Please click to listen to the WFIT Minute: Track 54 Classically Conditioned Drug Tolerance
Based on Research by Shepard Siegel, Ph.D.. Psychology Science Minute written by Juanita N. Baker, Ph.D..
Have you ever wondered why on the news so often a person dies from a drug overdose? Our bodies are constantly trying to achieve homeostasis. When presented with environmental cues (like the bed, syringe, opening the powder paper) that a drug is going to be taken, the body starts physiological counter measures to try to protect itself. However, over a number of occasions the body adjusts, requiring a higher dose to have the same buzz effect, thus causing drug tolerance.
In a psychological experiment, Shepard Siegel and colleagues demonstrated that rats can also become drug tolerant, making these physiological changes when expecting heroin injections repeatedly given in one setting but not in another setting where sugar solution injections were given. Next, all drug-addicted rats received a larger-than-usual dose; half in the usual setting where drugs were given and half where previously only sugar injections were given. Twice as many rats, 64%, died in the sugar setting compared to 32% in the heroin setting!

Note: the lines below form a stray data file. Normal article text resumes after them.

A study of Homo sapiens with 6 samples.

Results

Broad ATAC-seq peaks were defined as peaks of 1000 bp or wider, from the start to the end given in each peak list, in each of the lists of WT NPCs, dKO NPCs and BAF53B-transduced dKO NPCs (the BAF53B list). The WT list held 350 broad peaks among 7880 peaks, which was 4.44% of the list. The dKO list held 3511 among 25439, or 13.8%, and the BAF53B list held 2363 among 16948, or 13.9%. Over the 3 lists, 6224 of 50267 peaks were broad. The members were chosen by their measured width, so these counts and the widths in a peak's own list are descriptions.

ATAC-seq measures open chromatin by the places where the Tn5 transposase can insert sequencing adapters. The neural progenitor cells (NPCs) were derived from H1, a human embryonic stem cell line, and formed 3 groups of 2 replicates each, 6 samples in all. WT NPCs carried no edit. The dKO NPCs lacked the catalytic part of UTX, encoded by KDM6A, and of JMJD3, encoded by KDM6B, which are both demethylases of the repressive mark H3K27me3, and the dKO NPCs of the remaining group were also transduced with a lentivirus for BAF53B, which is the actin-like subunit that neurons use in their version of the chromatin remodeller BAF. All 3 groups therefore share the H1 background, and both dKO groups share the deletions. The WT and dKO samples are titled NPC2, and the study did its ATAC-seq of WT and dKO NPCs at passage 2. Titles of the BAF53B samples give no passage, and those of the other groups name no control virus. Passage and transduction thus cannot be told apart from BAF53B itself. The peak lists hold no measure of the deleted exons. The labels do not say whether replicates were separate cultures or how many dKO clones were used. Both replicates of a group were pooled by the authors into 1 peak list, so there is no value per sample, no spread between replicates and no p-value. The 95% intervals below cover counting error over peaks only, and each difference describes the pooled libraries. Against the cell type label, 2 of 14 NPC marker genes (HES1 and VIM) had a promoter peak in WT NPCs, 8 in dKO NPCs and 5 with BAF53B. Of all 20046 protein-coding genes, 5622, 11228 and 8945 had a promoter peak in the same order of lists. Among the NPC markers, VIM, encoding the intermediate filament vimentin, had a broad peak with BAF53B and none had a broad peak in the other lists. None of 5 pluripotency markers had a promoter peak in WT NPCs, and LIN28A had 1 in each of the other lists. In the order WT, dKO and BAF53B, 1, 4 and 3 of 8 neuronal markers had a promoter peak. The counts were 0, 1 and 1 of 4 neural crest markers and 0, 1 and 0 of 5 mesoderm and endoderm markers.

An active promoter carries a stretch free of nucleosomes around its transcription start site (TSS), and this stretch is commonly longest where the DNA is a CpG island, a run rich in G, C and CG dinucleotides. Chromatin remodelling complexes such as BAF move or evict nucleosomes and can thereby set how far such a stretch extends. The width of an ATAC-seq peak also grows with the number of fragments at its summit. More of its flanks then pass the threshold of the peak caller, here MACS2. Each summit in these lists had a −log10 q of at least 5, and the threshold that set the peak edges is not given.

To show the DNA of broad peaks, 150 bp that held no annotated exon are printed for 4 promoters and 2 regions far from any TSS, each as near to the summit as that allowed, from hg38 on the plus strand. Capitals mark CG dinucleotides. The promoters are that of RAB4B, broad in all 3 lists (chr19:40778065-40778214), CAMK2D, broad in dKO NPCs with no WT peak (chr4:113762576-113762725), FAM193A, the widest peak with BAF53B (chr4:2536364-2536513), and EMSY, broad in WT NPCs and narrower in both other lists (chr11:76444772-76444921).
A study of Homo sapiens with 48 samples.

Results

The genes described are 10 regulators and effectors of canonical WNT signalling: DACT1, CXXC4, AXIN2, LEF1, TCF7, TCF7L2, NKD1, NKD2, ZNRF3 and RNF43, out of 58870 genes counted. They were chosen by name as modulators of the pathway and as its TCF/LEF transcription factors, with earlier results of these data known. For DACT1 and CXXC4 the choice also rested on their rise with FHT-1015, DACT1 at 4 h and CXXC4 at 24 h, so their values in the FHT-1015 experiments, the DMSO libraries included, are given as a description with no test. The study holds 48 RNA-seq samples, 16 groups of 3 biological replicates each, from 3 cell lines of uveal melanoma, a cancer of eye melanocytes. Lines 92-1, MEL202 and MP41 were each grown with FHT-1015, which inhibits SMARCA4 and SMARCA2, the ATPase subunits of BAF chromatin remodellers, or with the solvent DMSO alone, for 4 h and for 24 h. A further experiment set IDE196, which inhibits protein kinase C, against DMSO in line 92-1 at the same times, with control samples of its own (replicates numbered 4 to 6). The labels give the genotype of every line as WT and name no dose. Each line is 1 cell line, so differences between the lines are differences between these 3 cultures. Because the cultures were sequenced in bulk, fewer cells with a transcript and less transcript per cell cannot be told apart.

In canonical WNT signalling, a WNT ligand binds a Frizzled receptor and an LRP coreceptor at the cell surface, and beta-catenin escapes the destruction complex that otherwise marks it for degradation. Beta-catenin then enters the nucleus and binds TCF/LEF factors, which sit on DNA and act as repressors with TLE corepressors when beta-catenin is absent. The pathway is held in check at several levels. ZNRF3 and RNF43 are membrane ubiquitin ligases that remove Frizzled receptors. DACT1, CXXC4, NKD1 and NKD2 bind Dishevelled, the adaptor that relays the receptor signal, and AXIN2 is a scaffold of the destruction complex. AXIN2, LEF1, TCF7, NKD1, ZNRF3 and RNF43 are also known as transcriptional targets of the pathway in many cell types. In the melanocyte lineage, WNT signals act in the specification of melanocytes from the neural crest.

You know the dangers of addictive drugs, but there is an additional danger. Caution! Your body may not be prepared to handle its usual dose in a new setting, as the old setting cues aren’t there to allow it to prepare for the dose.
Siegel, S. (1984). Pavlovian conditioning and heroin overdoes: Reports by overdose victims. Bulletin of the Psychonomic Society, 22, 428-430.
Siegel, S., Hinson, R.E., Krank, M.D., & McCully, J. (1982). Heroin “overdose” death: The contribution of drug-associated environmental cues. Science, 216, 436-437.
Technical explanation of this research: Respondent Conditioning (Pavlovian Conditioning or Classical Conditioning): is the demonstrated phenomena that the body learns automatically to respond to associated environmental cues in anticipation of a reinforcement (pleasurable event, food, drug). This principle is operating in Shepard Siegel’s experiment. The environmental cues that originally did not elicit any response became conditioned or were learned to precede the pleasurable event and thus elicited an accommodation response by the body because the cues were associated with the drug effects that did originally elicit the body’s pleasurable response.